The Denver Art Museum’s Latest Exhibition Is Serious Fun

On view now, Serious Play: Design in Midcentury America examines the influence of play in postwar American homes.


The idea for the show started with a lunch, when Darrin Alfred, the DAM’s curator of architecture and design, and Monica Obniski, Demmer Curator of 20th and 21st Century Design at the Milwaukee Art Museum, discovered their shared interest in Alexander Girard, a leading postwar designer known for his playful take on domesticity. An exhibition concept formed and, over the past three years, the duo (and exhibit’s co-curators) have scoured museum collections, private archives, and auctions to assemble a collection of more than 200 objects from the late 1940s through the early 1960s.


Here, Alfred shares three pieces to look for when you visit Serious Play this summer.

“Serious Play” opens with a selection of iconic midcentury modern seats, including George Nelson’s bold red Marshmallow Sofa. Photo by James Florio, courtesy of the Denver Art Museum

Marshmallow Sofa

This red sofa—a George Nelson design comprising 18 circular cushions—helps open the show. “Younger, adventurous consumers were looking for something different after the drab war years,” Alfred says of the eye-catching design. “An interest in color and pattern was driven by young consumers and younger designers beginning to live this way.” The piece was (and still is) manufactured by the Herman Miller company, which features prominently throughout Serious Play—and for good reason: This is the retailer known for bringing modern designs to market at prices middle-class families could afford.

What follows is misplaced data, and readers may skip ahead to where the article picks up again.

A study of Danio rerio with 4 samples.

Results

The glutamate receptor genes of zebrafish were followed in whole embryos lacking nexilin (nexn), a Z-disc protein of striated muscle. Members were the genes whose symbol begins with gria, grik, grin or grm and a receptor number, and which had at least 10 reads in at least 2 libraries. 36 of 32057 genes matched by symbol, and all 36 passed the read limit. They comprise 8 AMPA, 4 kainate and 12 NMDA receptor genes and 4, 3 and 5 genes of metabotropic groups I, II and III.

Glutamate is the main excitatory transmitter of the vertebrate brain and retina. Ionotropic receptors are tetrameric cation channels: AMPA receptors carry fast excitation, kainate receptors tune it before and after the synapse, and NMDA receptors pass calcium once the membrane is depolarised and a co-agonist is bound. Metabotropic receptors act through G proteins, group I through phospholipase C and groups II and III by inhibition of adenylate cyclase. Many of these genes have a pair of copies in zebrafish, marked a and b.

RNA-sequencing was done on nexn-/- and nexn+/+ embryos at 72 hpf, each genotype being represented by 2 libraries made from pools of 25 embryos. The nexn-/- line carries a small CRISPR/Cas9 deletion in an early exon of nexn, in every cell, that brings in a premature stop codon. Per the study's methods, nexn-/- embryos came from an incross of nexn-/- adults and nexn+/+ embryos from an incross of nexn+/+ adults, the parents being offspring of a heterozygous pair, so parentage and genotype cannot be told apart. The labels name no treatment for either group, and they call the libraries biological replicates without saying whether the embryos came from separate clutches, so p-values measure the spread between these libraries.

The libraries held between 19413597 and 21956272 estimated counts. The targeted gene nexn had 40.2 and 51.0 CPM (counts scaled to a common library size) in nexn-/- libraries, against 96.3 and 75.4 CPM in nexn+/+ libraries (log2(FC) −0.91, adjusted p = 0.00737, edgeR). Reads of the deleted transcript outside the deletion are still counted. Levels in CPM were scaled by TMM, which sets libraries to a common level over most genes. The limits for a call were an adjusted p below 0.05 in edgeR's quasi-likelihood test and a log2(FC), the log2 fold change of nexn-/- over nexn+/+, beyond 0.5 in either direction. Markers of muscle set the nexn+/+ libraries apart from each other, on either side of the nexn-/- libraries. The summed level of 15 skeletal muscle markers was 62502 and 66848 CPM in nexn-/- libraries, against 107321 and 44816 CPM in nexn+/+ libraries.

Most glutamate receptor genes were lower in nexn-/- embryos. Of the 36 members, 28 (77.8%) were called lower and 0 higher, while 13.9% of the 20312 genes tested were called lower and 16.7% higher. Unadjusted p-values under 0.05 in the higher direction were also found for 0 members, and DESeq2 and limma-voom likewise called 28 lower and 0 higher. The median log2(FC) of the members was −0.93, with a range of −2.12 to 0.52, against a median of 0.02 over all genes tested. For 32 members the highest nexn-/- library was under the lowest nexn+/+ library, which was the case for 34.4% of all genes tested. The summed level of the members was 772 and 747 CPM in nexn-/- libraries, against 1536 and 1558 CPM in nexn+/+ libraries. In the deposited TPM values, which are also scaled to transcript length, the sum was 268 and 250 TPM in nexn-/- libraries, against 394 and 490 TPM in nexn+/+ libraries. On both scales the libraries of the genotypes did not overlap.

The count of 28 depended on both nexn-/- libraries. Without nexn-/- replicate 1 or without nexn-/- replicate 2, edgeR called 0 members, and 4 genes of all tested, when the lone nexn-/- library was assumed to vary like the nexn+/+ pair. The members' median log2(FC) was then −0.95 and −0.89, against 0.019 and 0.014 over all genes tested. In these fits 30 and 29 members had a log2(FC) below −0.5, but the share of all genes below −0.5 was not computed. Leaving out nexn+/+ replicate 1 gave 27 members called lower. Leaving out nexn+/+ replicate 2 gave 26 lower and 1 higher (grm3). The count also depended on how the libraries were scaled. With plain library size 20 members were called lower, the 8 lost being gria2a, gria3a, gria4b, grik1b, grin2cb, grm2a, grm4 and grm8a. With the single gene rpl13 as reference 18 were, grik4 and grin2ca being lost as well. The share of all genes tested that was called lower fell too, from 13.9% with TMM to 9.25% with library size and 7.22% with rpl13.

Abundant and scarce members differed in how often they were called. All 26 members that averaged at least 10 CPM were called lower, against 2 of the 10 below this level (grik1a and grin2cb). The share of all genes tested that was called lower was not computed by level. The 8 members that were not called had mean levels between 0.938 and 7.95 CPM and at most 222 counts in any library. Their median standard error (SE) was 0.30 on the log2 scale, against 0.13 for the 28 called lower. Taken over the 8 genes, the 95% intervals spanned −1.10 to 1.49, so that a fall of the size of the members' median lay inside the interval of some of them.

Charles and Ray Eames, Eames Storage Unit (ESU) 400 series, about 1949. Photograph © Denver Art Museum

Eames Storage Unit (ESU)

As consumerism took root after World War II, families began looking for clever ways to store and display their new possessions. Alfred acquired this storage piece—an Eames first edition ESU 400 Series—at auction. “Charles and Ray Eames addressed the willingness of Americans to have flexible ways to display their collections,” he explains. “They offered a playful way to decorate and display. This piece could work anywhere, from a child’s room to an office.”

Charles and Ray Eames, Sofa Compact, 1954, with Colorado Plaid textile designed by Alexander Girard. Photograph © Denver Art Museum

Eames Sofa Compact

The “sofa compact”—a piece scaled for spaces too small to accommodate a traditional sofa—was particularly popular in institutional settings; this one found its way to Colorado State University. This particular sofa—designed by Charles and Ray Eames and manufactured by Herman Miller—shows off Alexander Girard’s “Colorado Plaid” textile. The colorful fabric was designed as a test swatch, but CSU thought it was just right. Love the look? Herman Miller used this very sofa to recreate the bold plaid fabric, and the re-edition is available for your sofa today.